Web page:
Community care policy 'at risk'

THE LAUNCH of the Government's care in the community policy was 'put into jeopardy' yesterday when a charity challenged the way it planned to fund care for drug addicts and alcoholics.

Lawyers representing the London-based Alcohol Recovery Project (ARP) were granted leave to seek judicial review of the policy after a High Court judge accepted that Virginia Bottomley, the Secretary of State for Health, may have acted unfairly when she reversed government promises to guarantee funding for voluntary drug and alcohol projects.

Mr Justice Auld said he was 'troubled' that the reversal of policy had prejudiced ARP financially, because it had relied on the word of Mrs Bottomley and her predecessor, Kenneth Clarke, that money for the projects would be 'ring-fenced', or safeguarded.

The judge agreed that the review should be arranged urgently after Michael Beloff QC, counsel for the Department of Health, said: 'The timetable targeted of April 1 1993 (for the introduction of the new policy) will be put in jeopardy if there remains a degree of uncertainty.'

Under the new plans, cash that had previously been ring-fenced would be given to local authorities to administer. ARP said some might not pass on the money. John Hendy QC, for ARP, said Mrs Bottomley had acted unfairly by going back on assurances given in the Commons on 27 June 1990. Then, Kenneth Clarke tabled an amendment to the National Health and Community Care Act which provided for the earmarking of cash for local authorities to give only to voluntary drug and alcohol projects, and said: '. . . money will be ring-fenced and local authorities will be able to spend it only in grants to such bodies.'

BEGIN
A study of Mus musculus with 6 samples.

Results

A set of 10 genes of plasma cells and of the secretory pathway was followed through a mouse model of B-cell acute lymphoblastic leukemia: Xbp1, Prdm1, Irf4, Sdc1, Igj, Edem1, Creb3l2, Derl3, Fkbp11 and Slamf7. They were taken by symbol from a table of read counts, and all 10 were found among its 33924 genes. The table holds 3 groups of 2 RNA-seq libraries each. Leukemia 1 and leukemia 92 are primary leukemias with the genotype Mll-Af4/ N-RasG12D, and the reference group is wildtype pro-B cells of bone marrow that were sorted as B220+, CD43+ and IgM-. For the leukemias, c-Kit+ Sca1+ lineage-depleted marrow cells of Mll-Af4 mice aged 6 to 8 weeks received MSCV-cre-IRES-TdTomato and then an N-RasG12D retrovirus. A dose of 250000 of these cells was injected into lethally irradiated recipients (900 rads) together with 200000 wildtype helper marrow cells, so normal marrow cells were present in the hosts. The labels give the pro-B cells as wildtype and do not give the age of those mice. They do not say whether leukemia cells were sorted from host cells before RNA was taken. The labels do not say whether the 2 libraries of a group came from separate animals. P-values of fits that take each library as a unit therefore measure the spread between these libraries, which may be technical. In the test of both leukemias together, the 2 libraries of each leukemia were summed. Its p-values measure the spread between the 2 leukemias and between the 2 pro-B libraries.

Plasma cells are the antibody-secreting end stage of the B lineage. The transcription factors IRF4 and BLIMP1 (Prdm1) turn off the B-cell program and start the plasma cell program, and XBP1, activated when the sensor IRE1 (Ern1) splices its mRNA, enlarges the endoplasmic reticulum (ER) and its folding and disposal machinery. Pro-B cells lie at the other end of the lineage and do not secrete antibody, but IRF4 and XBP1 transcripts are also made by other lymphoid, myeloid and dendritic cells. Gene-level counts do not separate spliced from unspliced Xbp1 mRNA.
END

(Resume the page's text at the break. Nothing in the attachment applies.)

On the same day, Mrs Bottomley, then Minister of State for Health, said: 'Specific grants shall be available for those who are drug addicts or alcoholics.' But in October 1992, ARP and other charities learned that ring- fencing had been abandoned.

ARP receives income support of pounds 180.60 a week for each of the 2,500 people it helps annually, but after 1 April, that will fall to a lesser income support allowance plus pounds 50 per person.

Mr Beloff, for the department, said amending the policy had not breached the law. Allowing the charity to seek a judicial review would be like allowing a complaint from someone who had not budgeted for an increase in tax.

The hearing may take place next week.